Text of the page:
Candidate filing to begin in Minnesota special election for Congress
Four years ago, the fight for southern Minnesota's 1st Congressional District was one of the closest U.S. House races in the nation.
- Now, a special election will test the one-time swing seat's battleground status in the current political environment.
Driving the news: Candidate filing begins Tuesday for the May 24 special primary to fill out the current term following the Feb. 17 death of U.S. Rep. Jim Hagedorn.
The big picture: The outcome could be seen as a bellwether for the November midterms, when control of Congress hangs in the balance.
State of play: Hagedorn flipped the district by less than a percentage point — about 1,300 votes — in 2018, ending more than a decade of DFL control after former U.S. Rep. Tim Walz left Congress to run for governor.
- In 2020, Hagedorn won a rematch against Democrat Dan Feehan by 3 points, with a third-party candidate in the mix. Former President Donald Trump, meanwhile, carried the district by double digits.
Between the lines: Even with population growth in urban centers friendly to the DFL, national political headwinds could tip the scales even more in Republicans' favor.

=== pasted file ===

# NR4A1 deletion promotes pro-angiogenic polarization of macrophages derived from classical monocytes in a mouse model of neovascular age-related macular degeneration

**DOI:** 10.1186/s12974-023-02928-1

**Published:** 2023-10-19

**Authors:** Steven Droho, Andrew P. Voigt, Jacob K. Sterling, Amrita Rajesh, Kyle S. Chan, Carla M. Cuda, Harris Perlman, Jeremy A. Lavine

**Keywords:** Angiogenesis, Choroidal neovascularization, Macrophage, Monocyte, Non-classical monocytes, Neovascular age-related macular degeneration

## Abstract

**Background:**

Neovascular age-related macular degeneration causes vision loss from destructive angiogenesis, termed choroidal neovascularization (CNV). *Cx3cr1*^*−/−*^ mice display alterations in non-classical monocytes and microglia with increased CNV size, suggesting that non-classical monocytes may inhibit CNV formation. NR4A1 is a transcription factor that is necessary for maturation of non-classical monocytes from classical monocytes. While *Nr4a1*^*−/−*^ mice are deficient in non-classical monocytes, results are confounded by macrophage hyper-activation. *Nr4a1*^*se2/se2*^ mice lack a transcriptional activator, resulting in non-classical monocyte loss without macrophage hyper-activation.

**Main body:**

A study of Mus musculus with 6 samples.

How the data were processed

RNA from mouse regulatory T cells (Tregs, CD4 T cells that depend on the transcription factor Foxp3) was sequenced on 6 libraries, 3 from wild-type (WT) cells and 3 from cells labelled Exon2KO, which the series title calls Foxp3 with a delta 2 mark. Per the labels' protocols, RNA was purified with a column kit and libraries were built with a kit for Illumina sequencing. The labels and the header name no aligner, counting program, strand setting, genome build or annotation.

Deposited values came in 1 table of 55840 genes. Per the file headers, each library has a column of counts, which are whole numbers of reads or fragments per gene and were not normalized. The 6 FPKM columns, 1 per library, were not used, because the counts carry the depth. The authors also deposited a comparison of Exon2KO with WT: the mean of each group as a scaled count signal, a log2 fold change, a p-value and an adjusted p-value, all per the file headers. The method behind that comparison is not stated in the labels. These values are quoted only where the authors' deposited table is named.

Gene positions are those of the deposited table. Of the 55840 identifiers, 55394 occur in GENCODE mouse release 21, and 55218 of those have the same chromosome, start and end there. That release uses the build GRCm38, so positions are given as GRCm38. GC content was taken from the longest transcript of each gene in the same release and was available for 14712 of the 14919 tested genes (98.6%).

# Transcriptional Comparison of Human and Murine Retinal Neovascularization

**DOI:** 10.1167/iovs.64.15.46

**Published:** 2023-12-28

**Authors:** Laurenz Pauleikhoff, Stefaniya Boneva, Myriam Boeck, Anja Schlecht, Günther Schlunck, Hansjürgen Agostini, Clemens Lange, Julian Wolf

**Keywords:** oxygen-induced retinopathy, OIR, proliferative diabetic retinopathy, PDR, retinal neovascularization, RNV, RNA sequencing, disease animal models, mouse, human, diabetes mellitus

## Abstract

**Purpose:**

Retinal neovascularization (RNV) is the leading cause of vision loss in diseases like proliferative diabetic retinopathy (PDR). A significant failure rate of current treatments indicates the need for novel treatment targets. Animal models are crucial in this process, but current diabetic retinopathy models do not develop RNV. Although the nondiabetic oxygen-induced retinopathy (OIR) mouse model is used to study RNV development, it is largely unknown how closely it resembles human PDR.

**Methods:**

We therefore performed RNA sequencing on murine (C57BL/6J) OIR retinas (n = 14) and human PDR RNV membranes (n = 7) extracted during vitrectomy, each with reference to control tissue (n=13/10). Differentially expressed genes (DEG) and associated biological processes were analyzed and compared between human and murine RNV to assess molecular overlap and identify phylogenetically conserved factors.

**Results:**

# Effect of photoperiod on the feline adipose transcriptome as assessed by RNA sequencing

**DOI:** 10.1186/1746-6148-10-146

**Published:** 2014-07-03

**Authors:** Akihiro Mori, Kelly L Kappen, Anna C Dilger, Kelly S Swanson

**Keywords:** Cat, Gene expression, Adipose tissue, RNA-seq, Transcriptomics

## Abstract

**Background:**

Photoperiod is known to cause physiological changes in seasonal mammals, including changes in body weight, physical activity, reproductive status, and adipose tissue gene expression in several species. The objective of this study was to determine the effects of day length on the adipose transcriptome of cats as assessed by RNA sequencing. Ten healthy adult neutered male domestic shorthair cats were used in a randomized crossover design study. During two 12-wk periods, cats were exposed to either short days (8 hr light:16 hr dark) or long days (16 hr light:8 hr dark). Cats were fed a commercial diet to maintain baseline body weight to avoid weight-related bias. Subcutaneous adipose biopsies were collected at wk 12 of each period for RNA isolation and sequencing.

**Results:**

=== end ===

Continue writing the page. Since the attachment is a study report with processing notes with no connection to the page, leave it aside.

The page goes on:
- Plus: The Aug. 9 special election coincides with potentially competitive GOP primaries for governor and other statewide offices, which could boost turnout on the right.
Who's in: State Rep. Jeremy Munson, a member of the conservative New House Republican Caucus, filed paperwork and had a campaign site in waiting last week.
- On the DFL side, Richard Painter, a former GOP ethics counsel who also floated independent runs for attorney general or governor, and Red Wing bookstore owner Richard DeVoe announced campaigns.
Likely contenders: Brad Finstad, a former state representative and USDA state director for rural development, is expected to join the race.
- Former Minnesota Republican Party Chair Jennifer Carnahan, the late congressman's wife, is also seen as a potential candidate.
- Carnahan, who left her party post amid controversy last fall, declined comment on her plans, saying she's focused on the funeral.
The intrigue: Feehan is weighing another run, according to Jim Hepworth, chair of the 1st Congressional District DFL.
- Whether he gets in could signal whether Democrats think the seat is truly in play. Feehan hasn't commented publicly on his plans.
Hepworth said several other Democrats have reached out and are considering a campaign.
Who's out: GOP state Sens. Julie Rosen of Fairmount and Carla Nelson of Rochester both ruled out a run. So did Austin City Council member Jason Baskin, also a Republican.
- DFL state Sen. Nick Frentz of Mankato told MPR's Brian Bakst that he's leaning against it.
The bottom line: Signs point to an advantage for Republicans, but the final field — including which candidate emerges from the GOP primary — will determine how competitive the race becomes.